My DD1 tells everyone she is Romanian as she lived there until she was 3 (she is not, she is British). DD2 lived in Romania until she was 7 months and has lived in Belgium since then. She has no idea where she is from, thinks she might be Romanian, but fairly sure she is not Belgian.
They attend an international school.
Does their lack of sense of identity matter, and if so, how do I get them one?
My dad was in the army and I never lived in one place for more than 2 years - we lived in Cyprus, Germany, Holland, Canada and all over the UK and I had been to 8 schools by the time I was 11 but I never felt rootless. The most important thing is to feel loved and stable within your own family and then you can deal with anything. In fact I would say that I am more confident and curious about the world as a result. Although apparently I spoke with an amazing array of accents throughout my childhood!
We had a similar upbringing. Lived all over the world and went to about 9 different primary schools and then boarding school.As parents so far away for most of our childhood (PNG) we couldn't make it there every holiday, so there was a lot of staying with grandparents and friends.
I wouldn't have changed our life for the world though, and interestingly, my sisters and I all now live similar lives.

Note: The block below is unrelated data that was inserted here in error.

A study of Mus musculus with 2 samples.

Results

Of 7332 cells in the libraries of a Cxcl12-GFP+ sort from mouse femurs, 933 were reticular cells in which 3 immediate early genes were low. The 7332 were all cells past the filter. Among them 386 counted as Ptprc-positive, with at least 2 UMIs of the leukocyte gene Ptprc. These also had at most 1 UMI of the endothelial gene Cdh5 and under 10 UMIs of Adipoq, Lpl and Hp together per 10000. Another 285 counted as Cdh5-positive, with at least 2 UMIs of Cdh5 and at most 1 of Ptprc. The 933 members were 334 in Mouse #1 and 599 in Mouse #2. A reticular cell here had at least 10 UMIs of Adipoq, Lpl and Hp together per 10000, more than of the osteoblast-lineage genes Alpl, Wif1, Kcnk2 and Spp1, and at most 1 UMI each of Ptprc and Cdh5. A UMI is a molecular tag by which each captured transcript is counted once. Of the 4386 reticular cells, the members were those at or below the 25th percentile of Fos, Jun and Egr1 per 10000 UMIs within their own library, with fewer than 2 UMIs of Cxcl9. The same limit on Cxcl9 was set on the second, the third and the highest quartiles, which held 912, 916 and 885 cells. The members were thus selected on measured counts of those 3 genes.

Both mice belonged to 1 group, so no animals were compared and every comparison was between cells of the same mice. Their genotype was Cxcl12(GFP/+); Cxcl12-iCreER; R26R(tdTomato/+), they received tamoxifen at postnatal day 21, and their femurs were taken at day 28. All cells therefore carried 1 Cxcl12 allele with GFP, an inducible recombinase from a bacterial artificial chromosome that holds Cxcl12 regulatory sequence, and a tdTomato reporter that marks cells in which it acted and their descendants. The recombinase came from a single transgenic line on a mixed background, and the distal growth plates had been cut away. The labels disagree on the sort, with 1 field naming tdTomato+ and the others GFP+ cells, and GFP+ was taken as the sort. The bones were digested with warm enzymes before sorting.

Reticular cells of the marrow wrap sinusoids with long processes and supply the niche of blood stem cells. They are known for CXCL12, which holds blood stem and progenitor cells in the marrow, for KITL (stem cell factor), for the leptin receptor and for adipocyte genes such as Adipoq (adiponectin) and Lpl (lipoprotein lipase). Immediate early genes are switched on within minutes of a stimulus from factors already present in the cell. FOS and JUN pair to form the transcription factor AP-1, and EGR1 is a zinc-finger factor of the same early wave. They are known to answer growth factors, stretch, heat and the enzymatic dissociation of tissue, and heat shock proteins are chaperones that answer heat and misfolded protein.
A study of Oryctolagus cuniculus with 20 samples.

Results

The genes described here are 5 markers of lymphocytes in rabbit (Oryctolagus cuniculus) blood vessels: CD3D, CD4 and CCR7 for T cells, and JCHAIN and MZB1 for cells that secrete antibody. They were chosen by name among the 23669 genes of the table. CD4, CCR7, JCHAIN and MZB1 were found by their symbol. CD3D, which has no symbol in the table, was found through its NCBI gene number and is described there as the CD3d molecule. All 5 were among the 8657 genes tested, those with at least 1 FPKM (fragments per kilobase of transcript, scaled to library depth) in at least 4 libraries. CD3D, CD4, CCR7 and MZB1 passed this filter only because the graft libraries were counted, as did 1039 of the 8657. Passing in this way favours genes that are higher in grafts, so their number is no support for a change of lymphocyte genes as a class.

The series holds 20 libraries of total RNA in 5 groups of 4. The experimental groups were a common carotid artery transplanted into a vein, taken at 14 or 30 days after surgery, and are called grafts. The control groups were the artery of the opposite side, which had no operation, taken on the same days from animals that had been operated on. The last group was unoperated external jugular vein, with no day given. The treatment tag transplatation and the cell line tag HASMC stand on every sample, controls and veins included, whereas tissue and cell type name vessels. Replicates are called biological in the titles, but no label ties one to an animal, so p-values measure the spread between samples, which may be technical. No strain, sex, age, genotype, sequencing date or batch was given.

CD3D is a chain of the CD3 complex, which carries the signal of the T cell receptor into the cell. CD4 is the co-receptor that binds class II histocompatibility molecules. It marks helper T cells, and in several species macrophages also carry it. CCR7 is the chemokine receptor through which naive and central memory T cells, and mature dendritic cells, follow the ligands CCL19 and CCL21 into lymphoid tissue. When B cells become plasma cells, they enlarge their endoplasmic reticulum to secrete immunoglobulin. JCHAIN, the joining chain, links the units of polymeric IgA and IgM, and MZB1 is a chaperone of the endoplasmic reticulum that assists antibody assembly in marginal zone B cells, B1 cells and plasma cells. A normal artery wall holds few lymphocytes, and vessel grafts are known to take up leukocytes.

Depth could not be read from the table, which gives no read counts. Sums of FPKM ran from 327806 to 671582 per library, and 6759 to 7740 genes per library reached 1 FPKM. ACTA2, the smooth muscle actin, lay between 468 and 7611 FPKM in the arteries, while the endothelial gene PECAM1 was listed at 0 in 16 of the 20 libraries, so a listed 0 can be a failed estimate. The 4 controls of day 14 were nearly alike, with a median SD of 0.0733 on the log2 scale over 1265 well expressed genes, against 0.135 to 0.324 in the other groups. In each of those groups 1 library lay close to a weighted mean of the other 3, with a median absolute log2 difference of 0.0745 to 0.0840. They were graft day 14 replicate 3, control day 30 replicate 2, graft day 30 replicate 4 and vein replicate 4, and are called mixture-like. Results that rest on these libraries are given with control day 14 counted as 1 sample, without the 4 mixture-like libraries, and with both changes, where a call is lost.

We have a very strong sense of self, due mainly to my father being Welsh, and always having spoken Welsh with us and maintaining strong family and geographical ties. My parents ALWAYS came (still do as still abroad!!) 'home' to the UK at least once a year, unlike some people who completely turned their back on that then 20 years down the line, wondered why old friends and family couldn't be bothered with them!
Another army child, moved every 2 years, ut only til i ws about 7. However i do think it has affceted how i make friends and my ability to settle in any one place for more than a couple of years. I get itchy feet if i am in one place longer than 2 or 3 years, though i try not to put it into reality for the sake of the kids.
Ideally i would take the kids out of school and travel round the world with them, educate them that way, but that's when i have money !
I only lived abroad for a while, but a few of my friends had lived there forever, or moved around.
I think they did feel British because of the way we lived, it was so separate to the Belgians, like we always went out to certain places in Tervuren/Brussels very expat. The school also ran Brownies and gym club and stuff which helped establish roots (this is BSB btw). My best friend recntly said she finally feels British having moved back about 2 years ago.
I think maintaining close ties to England, and just being in that expat community do mean that eventually you find your feet.